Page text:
Wed, Oct 31, 2012 - Page 1 News List

US ambassador to China urges Beijing-Tibet talks

‘VERY DEPLORABLE’:The US diplomat said he had made a visit to a Tibetan area to better understand the people and denounced China’s treatment of them


The US ambassador to China urged Beijing on Monday to re-examine policies toward Tibetans as he acknowledged that he had quietly visited monasteries during a spate of self-immolation protests.

US Ambassador to China Gary Locke, speaking from Beijing to an online forum in the US, said he stopped at monasteries last month in the flashpoint Aba Prefecture to “get an appreciation of Tibetan culture and the way of life.”

Aba, an ethnically Tibetan area of Sichuan Province, has been a hotbed of protests against Beijing’s rule. About 60 ethnic Tibetans, many of them monks and nuns, have set themselves alight since February 2009 in Sichuan and Tibet.

“We implore the Chinese to really meet with the representatives of the Tibetan people to address and re-examine some of the policies that have led to some of the restrictions and the violence and the self-immolations,” Locke said.

“We have very serious concerns about the violence, of the self-immolations, that have occurred over the last several years,” he said, calling the incidents “very deplorable.”

“Nobody wants that type of action, or of people having to resort to that type of action. Too many deaths,” he said.

Locke called for China to show respect for Tibetans’ religion, culture and language.

The US has repeatedly urged China to address Tibetan grievances, but it is very rare for foreign officials or media to visit Tibetan areas on unsupervised trips.

In previous statements, Washington has urged China’s leaders to resume dialogue with Tibetan spiritual leader the Dalai Lama, who fled into exile in India in 1959 and enjoys strong public support in the US.

The Chinese Ministry of Foreign Affairs yesterday rejected what it called foreign interference and repeated its claim that the “Dalai group” is responsible for “instigating and masterminding” the self-immolations.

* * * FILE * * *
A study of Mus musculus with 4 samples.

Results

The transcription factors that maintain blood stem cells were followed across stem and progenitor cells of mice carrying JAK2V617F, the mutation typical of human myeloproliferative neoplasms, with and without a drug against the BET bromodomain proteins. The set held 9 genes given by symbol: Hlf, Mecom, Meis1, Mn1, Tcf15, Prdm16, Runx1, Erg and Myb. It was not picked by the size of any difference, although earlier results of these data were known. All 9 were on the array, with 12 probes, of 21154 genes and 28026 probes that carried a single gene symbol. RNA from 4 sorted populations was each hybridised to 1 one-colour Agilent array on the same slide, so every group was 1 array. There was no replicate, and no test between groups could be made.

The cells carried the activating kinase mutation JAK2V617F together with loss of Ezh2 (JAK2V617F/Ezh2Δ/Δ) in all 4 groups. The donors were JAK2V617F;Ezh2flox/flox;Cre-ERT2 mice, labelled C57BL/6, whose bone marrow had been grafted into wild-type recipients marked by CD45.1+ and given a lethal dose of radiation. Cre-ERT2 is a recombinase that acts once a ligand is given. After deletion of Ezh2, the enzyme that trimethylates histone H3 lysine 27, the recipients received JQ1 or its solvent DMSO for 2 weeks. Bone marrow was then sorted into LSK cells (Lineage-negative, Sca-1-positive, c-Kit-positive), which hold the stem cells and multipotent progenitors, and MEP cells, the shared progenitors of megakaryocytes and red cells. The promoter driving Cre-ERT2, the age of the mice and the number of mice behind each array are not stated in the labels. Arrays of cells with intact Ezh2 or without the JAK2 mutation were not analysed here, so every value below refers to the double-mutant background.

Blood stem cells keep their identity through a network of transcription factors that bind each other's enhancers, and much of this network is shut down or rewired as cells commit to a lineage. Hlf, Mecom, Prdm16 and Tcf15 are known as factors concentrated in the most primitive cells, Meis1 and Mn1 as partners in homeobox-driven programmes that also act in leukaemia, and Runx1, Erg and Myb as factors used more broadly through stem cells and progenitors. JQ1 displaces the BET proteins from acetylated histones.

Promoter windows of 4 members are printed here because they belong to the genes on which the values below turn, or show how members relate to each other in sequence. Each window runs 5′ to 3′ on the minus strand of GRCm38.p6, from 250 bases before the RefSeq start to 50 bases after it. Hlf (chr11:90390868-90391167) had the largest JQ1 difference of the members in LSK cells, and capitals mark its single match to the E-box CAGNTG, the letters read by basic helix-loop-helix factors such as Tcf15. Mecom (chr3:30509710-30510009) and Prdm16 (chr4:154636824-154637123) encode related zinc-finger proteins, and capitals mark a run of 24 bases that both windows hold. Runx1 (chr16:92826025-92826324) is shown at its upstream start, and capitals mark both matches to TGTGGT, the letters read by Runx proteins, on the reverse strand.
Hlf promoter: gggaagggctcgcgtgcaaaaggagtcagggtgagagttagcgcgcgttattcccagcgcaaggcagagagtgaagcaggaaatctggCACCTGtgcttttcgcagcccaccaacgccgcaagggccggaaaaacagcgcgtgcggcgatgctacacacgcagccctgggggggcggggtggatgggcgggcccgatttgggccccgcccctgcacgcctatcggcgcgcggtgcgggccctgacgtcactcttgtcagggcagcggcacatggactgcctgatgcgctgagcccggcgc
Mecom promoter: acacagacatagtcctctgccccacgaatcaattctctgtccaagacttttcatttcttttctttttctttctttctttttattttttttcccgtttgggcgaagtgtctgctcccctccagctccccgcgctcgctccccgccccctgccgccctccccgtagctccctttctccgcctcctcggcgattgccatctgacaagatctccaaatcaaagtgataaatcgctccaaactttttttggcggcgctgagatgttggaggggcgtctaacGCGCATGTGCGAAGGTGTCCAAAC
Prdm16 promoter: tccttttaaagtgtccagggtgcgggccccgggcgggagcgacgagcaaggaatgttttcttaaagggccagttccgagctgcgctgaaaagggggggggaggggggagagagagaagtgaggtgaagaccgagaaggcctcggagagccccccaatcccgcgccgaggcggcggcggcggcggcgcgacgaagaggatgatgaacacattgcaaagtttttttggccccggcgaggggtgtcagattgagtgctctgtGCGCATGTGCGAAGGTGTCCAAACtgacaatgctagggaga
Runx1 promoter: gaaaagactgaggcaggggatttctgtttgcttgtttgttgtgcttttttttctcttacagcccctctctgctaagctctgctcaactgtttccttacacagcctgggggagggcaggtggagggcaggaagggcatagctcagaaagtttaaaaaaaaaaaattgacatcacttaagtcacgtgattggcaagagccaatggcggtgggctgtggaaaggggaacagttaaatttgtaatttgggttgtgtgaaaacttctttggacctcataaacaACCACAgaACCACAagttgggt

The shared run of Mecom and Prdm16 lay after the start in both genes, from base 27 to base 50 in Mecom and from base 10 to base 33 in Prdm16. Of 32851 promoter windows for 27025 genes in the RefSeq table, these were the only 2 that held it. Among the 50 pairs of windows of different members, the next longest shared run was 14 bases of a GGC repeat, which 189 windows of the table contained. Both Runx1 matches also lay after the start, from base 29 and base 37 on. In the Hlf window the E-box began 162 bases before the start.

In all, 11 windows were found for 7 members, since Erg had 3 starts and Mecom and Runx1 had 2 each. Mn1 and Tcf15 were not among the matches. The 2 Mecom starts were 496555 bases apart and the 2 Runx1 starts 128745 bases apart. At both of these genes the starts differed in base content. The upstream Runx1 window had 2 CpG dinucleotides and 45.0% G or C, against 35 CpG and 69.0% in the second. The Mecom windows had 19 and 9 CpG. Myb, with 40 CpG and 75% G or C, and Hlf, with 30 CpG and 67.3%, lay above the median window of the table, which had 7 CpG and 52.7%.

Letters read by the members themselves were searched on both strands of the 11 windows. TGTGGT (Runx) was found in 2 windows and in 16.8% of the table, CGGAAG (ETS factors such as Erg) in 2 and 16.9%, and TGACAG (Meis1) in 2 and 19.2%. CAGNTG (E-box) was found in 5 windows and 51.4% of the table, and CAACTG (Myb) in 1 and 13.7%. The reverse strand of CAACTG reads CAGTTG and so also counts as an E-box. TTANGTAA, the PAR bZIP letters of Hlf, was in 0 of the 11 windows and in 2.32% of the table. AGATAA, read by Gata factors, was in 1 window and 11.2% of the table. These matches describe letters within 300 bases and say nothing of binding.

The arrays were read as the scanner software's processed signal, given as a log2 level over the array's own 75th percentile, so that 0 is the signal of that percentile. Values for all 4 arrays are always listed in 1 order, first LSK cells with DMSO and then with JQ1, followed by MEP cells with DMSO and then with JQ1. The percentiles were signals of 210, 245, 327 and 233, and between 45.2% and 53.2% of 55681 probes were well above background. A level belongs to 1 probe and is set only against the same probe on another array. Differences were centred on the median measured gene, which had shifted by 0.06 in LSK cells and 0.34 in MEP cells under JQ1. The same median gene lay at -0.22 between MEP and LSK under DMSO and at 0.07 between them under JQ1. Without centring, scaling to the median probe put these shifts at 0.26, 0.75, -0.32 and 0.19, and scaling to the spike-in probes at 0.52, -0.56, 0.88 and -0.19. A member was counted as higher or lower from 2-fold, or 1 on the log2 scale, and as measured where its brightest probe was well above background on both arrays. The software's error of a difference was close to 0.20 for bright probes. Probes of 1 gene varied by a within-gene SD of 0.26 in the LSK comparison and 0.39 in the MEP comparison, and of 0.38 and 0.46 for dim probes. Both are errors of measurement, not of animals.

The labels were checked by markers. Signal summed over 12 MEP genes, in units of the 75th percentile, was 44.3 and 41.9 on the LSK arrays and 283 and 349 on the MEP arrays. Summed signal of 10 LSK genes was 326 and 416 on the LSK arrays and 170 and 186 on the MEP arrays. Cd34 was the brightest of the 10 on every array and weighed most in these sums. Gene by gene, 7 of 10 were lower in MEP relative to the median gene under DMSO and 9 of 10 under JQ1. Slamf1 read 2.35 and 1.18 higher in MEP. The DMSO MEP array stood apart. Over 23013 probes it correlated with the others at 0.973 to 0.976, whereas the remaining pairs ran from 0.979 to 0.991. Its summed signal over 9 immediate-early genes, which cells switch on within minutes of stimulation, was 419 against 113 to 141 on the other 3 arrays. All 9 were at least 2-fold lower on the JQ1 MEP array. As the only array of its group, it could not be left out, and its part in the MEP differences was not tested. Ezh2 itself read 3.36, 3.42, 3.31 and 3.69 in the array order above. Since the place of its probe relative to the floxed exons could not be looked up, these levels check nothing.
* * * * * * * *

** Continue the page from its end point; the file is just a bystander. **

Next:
“At the same time, I want to point out that Tibetan affairs are China’s internal affairs,” Chinese Ministry of Foreign Affairs spokesman Hong Lei (洪磊). “We oppose any country or any person interfering in China’s internal affairs in any form.”

The details of Locke’s visit emerged as US President Barack Obama’s administration looks for new ways to promote human rights in China, which regularly lashes out at US condemnation of its record.

Obama has faced election-year criticism from Republican rivals, who have urged him to be more outspoken on Beijing’s human rights record and its trade and currency practices.

However, US officials cite as a success the quiet diplomacy in May that led China to allow dissident Chen Guangcheng (陳光誠) to move to New York.

Locke, who was responding to a question as part of a “China Town Hall” with citizens in 60 cities across the US, said he visited Aba Prefecture after a trip to the major cities in Sichuan, where he promoted US businesses.

Seven self-immolation protests were reported last week among Tibetans, many of whom accuse China of suppressing their culture. Few of the Tibetans who have set themselves alight are believed to have survived.

The US Department of State’s annual human rights reports say that China has denied the political and religious rights of Tibetans. China rejects the charges and says it has brought investment and modernization to Tibet.

Locke, the first Chinese-American to serve as US ambassador in Beijing, has often fascinated the Chinese public through his humble demeanour. When he headed to Beijing, a picture went viral on the Internet that showed the former governor at Seattle’s airport paying for his own coffee at a Starbucks.